Rigel Celeste Mar 15th 2011 7:53AM Updated Mar 14th 2011 3:02PM
Whether employee or business owner, most working adults are eligible to deduct at least some work-related expenses on their tax return. Been making coffee runs in your personal vehicle for the boss. Spending a lot of time doing your work out of a home office? Unemployed and putting money into resumes and business cards?
2. Travel expenses. Money spent traveling for business can be tax deductible provided you weren't reimbursed by your employer and often includes expenses like plane fare, taxis, hotel stays, and 50 percent of meals and entertainment. Be aware, however, that if you bring your spouse or family along, only your expenses are deductible.
3. Mileage/Auto maintenance. If you use a vehicle for work you may be able to deduct the money you spend to keep it on the road, such as maintenance and fuel. You can choose to take either actual expenses (oil changes, tires, gas, etc.) or a standard per mile deduction (around 50 cents per mile). When tallying mileage, miles driven to and from your place of business are not eligible; only miles driven during working hours for business purposes, such as going to the post office or meeting a client for lunch qualify.
4. Uniforms and costumes. Money spent on uniforms, clothing and costumes used for work is deductible as long as it's necessary for the job and isn't usable for anything else (e.g. a new suit is not deductible, but a clown costume could be).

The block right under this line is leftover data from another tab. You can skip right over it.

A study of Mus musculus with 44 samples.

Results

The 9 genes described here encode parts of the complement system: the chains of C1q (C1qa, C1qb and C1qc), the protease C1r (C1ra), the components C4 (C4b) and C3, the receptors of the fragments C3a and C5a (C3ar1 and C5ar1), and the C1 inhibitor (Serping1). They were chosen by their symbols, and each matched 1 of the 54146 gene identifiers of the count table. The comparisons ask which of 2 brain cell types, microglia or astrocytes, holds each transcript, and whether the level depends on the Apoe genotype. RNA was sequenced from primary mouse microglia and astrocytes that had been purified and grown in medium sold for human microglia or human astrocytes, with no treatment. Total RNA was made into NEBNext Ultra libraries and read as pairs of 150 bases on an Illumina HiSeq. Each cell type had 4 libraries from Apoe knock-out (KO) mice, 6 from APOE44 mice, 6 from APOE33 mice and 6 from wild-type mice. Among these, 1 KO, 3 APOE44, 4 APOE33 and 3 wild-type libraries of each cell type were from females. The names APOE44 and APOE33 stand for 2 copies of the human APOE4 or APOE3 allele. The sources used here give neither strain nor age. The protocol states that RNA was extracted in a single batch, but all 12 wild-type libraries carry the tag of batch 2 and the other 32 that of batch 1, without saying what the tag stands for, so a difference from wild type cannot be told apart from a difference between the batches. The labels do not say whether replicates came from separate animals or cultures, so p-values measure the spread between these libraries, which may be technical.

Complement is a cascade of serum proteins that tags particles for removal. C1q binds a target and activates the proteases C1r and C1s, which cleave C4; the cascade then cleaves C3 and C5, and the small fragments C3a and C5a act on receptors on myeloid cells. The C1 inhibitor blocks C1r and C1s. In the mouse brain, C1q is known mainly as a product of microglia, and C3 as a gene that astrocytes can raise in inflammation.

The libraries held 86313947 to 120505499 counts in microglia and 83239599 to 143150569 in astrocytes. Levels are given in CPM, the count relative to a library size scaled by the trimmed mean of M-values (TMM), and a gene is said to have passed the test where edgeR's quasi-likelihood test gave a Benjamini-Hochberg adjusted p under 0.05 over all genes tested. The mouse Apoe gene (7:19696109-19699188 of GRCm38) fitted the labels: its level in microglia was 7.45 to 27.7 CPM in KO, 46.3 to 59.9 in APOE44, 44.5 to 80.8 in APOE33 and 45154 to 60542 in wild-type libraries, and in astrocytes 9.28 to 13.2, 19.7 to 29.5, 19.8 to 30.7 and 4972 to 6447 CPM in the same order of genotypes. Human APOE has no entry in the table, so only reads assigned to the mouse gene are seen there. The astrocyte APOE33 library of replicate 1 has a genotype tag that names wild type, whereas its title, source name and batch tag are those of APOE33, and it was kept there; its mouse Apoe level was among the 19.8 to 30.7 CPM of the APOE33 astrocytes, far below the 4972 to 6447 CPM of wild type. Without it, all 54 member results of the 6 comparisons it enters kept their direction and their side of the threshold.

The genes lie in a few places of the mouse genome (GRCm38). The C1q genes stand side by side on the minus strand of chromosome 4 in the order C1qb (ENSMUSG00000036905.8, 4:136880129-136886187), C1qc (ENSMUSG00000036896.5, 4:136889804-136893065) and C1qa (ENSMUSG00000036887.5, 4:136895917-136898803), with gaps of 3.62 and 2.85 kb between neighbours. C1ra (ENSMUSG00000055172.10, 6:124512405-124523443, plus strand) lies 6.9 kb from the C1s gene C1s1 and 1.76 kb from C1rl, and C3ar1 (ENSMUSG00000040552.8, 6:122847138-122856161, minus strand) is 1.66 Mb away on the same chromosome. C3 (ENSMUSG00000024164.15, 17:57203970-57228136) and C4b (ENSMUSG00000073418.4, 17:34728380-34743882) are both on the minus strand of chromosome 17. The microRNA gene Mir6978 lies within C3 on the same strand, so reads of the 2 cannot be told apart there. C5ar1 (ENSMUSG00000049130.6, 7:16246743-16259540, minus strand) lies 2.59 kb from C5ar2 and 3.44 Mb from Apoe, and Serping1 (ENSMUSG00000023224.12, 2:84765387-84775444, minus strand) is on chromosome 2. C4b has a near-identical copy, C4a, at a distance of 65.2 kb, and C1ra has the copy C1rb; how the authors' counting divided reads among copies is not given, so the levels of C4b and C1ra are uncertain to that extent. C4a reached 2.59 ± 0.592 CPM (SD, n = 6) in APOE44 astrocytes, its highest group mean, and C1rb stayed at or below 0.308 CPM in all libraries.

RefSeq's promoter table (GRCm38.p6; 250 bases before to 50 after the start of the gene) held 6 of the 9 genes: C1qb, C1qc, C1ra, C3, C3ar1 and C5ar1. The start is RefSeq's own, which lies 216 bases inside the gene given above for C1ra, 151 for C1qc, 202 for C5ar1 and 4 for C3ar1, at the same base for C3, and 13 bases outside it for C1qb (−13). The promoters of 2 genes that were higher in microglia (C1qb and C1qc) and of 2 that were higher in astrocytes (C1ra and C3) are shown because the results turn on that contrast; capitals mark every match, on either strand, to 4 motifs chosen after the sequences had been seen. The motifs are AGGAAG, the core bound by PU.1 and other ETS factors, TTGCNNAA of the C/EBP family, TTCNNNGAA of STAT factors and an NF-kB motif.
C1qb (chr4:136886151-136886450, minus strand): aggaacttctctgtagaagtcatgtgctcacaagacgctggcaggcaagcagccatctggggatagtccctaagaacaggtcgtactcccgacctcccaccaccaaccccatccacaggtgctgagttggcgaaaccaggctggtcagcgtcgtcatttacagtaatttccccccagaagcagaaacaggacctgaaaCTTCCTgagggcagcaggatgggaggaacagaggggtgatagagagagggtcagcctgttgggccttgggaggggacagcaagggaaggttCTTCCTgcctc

5. Job-hunting expenses. If you're unemployed and looking for a job in the same line of work, you can deduct the cost for things such as resumes, business cards, postage, employment agency fees, and even travel expenses
for out-of-town interviews. Expenses related to finding a new line of work are not eligible.
6. Moving expenses. You can deduct costs related to moving if you relocate more than 50 miles away and do so for reasons related to your current job or business, or in order to obtain your first job. The moving deduction does not apply if you move in order to get a new job .
7. E ntertainment and gifts. You can deduct 50 percent of the cost of "entertaining" current or prospective clients and customers, as long as it was directly related to work -- which usually means substantial business discussions must have taken place before, during or after the event. In addition, up to $25 in business gifts given to clients, customers and business associates can be deducted per person per year, as long as you weren't otherwise compensated or reimbursed.
8. Education and licensing. Fees and expenses related to education that improves your current job skills or are required to maintain your job (e.g. continuing education credits for medical professionals) are tax deductible, but education for obtaining a new job or for simply meeting the minimum requirements of your current job (such as going to medical school) are not.
9. Supplies or equipment. Supplies or equipment necessary to do the work that are not otherwise provided or reimbursed are eligible for deduction, including devices that assist the physically or mentally impaired with job functions. Examples can include everything from tape and Post Its to a special headset for the hearing impaired.
10. Subscriptions and dues. Subscriptions paid for magazines and trade journals related to your work are deductible, as are union dues and membership fees for professional organizations that improve your job skills (and aren't strictly social).